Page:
What Your Credit Score Means

What Your Credit Score Means

Whether you are applying for a mortgage, car or personal loan, your lender will want to know one number: your credit score. This number is important for anyone seeking a loan.

There's a reason for this: your credit score tells lenders about your borrowing history. Your credit score shows whether you have a history of being a responsible borrower, one who typically never misses a payment, or whether you have a history of late or missed payments.

Before applying for any loan, it is important to understand the basics of your credit score and what it means.


Most lenders today rely on the FICO credit-scoring system. This three-digit score ranges from a low of 300 to a high of 850. If you want to borrow money, and you want to borrow it at the lowest possible rate, you'll need a score closer to the higher end.

What does your FICO score include? According to myFICO.com, your credit score is based on your payment history, or how often you miss payments or pay your bills late. The amount of debt you owe, the length of your credit history and the types of credit that you use will also impact your credit score.

The most important of these factors is your payment history, which FICO says accounts for 35 percent of your credit score. Coming in a close second is the amount of debt you owe, which accounts for 30 percent of your score.

The lesson here? If you want an excellent credit score, you need to pay your bills on time, never miss a payment and pay down as much of your credit card debt as possible.

Of course, other factors will negatively impact your credit score. If you lose a home to foreclosure, you can expect your score to drop by 100 or more points. That foreclosure will remain on your credit report for seven years. If you declare bankruptcy, your score could again fall by 100 or more points. Depending on the type of bankruptcy that you file, this filing will remain on your credit report for seven to 10 years.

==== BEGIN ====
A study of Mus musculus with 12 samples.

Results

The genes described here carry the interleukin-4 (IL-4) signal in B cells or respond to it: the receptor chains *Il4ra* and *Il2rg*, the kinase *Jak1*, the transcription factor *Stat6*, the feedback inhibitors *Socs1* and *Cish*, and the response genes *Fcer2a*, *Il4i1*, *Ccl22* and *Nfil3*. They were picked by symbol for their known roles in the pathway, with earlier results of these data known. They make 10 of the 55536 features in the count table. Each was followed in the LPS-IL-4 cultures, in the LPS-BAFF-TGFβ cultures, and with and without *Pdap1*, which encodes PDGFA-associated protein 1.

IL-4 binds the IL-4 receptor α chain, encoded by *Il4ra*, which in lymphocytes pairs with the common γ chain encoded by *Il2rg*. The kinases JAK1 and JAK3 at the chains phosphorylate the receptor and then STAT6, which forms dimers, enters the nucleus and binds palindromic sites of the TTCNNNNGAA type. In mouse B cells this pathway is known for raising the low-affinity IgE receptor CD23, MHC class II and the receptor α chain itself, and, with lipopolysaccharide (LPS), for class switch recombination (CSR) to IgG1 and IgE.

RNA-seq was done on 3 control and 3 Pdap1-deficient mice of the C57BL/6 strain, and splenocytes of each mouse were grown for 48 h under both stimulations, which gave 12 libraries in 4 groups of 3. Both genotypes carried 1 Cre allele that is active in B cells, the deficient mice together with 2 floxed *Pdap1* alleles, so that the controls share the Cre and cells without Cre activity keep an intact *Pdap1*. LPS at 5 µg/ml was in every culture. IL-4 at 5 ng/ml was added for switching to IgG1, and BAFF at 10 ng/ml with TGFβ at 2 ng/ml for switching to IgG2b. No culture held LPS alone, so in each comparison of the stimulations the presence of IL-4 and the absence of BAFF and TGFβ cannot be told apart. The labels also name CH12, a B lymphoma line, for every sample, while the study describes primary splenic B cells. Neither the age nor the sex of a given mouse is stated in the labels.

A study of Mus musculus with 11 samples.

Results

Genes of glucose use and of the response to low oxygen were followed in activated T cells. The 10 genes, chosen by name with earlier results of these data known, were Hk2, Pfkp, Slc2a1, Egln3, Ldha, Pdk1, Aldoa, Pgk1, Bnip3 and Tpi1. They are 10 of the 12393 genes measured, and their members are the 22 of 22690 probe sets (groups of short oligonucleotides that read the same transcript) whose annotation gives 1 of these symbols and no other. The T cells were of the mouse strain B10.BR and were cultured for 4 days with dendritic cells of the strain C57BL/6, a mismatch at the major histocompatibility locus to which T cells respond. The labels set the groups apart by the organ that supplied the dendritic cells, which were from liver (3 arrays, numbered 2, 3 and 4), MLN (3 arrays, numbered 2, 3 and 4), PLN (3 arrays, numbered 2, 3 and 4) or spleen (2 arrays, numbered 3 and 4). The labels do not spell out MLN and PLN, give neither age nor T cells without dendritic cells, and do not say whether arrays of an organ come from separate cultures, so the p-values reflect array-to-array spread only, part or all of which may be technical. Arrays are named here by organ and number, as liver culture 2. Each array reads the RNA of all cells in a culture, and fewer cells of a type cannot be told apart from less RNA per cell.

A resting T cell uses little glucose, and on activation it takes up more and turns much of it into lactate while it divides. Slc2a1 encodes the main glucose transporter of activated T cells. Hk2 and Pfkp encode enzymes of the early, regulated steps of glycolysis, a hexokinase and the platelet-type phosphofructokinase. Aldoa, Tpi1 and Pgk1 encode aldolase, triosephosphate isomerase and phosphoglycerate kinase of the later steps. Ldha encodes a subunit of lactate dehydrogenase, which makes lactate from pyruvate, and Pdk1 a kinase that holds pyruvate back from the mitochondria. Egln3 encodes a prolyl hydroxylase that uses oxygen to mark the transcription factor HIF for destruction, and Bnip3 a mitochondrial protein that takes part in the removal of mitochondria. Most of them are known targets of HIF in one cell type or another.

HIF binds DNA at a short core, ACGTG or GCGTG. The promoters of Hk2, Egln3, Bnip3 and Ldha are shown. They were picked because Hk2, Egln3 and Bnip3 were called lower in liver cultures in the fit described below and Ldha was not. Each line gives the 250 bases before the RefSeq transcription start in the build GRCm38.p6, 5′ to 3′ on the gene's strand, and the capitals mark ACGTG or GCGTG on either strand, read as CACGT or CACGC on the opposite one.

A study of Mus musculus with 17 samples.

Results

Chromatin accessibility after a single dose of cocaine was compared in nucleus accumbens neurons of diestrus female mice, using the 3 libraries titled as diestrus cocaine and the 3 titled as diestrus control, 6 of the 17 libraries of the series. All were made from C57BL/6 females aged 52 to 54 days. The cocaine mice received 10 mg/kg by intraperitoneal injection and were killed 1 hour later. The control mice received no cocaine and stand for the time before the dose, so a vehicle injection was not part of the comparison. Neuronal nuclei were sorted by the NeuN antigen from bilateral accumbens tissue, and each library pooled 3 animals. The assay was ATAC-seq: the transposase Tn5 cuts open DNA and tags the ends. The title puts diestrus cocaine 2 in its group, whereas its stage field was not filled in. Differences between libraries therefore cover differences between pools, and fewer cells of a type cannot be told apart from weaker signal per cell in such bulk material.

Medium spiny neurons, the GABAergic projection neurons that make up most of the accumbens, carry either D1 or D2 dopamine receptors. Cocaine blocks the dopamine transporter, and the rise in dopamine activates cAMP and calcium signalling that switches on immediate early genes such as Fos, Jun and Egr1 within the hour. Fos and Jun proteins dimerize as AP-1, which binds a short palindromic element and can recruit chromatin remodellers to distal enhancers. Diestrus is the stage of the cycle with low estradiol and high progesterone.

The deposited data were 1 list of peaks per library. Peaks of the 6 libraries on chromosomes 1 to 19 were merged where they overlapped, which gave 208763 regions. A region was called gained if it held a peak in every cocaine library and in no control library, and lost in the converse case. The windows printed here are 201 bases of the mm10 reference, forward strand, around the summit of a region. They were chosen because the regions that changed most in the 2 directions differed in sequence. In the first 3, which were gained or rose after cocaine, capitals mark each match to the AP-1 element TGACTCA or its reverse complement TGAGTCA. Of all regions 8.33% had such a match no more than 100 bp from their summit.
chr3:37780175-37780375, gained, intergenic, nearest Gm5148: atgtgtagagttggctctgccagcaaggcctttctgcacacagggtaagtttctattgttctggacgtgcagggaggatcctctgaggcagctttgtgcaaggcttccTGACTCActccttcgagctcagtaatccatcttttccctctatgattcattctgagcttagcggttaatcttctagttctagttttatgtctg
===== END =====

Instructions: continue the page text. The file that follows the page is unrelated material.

Though it varies by lender, most lenders reserve their lowest interest rates for those borrowers whose FICO credit score is 740 or higher. That is considered an excellent score by most lenders.

If your credit score falls below 640, though, you might struggle to obtain a conventional mortgage loan. That is because lenders worry that borrowers with low scores are more likely to miss payments and default on their loans.

If you want to qualify for today's lowest interest rates, you'll need to bring an excellent credit score to the table. If you know you have a low score, it might make more sense to establish a history of paying your bills on time and cutting down on your credit card debt before you borrow again. You will benefit financially when you apply for that next mortgage, car or personal loan.

Are you hoping to boost your FICO score? Ameris Bank has what you need to know to get you moving in the right direction. There are also ways to keep track of your credit score, so you can watch your progress along the way.

Revised April 2023

The opinions voiced in this material are for general information only and are not intended to provide specific advice or recommendations for any individual.

All loans and credit cards are subject to credit approval. Ameris Bank is not affiliated nor endorses the company featured in the article.
Ameris Bank is not affiliated nor endorses the company featured in the article.

Information presented in the Financial Advice website is provided for educational purposes only and is not related to Ameris Bank's actual products or services. Ameris Bank makes no representations as to the accuracy, completeness or specific suitability of any information presented. Information provided should not be relied on or interpreted as accounting, financial planning, investment, legal or tax advice. Ameris Bank recommends you consult a professional for any specific guidance you are seeking.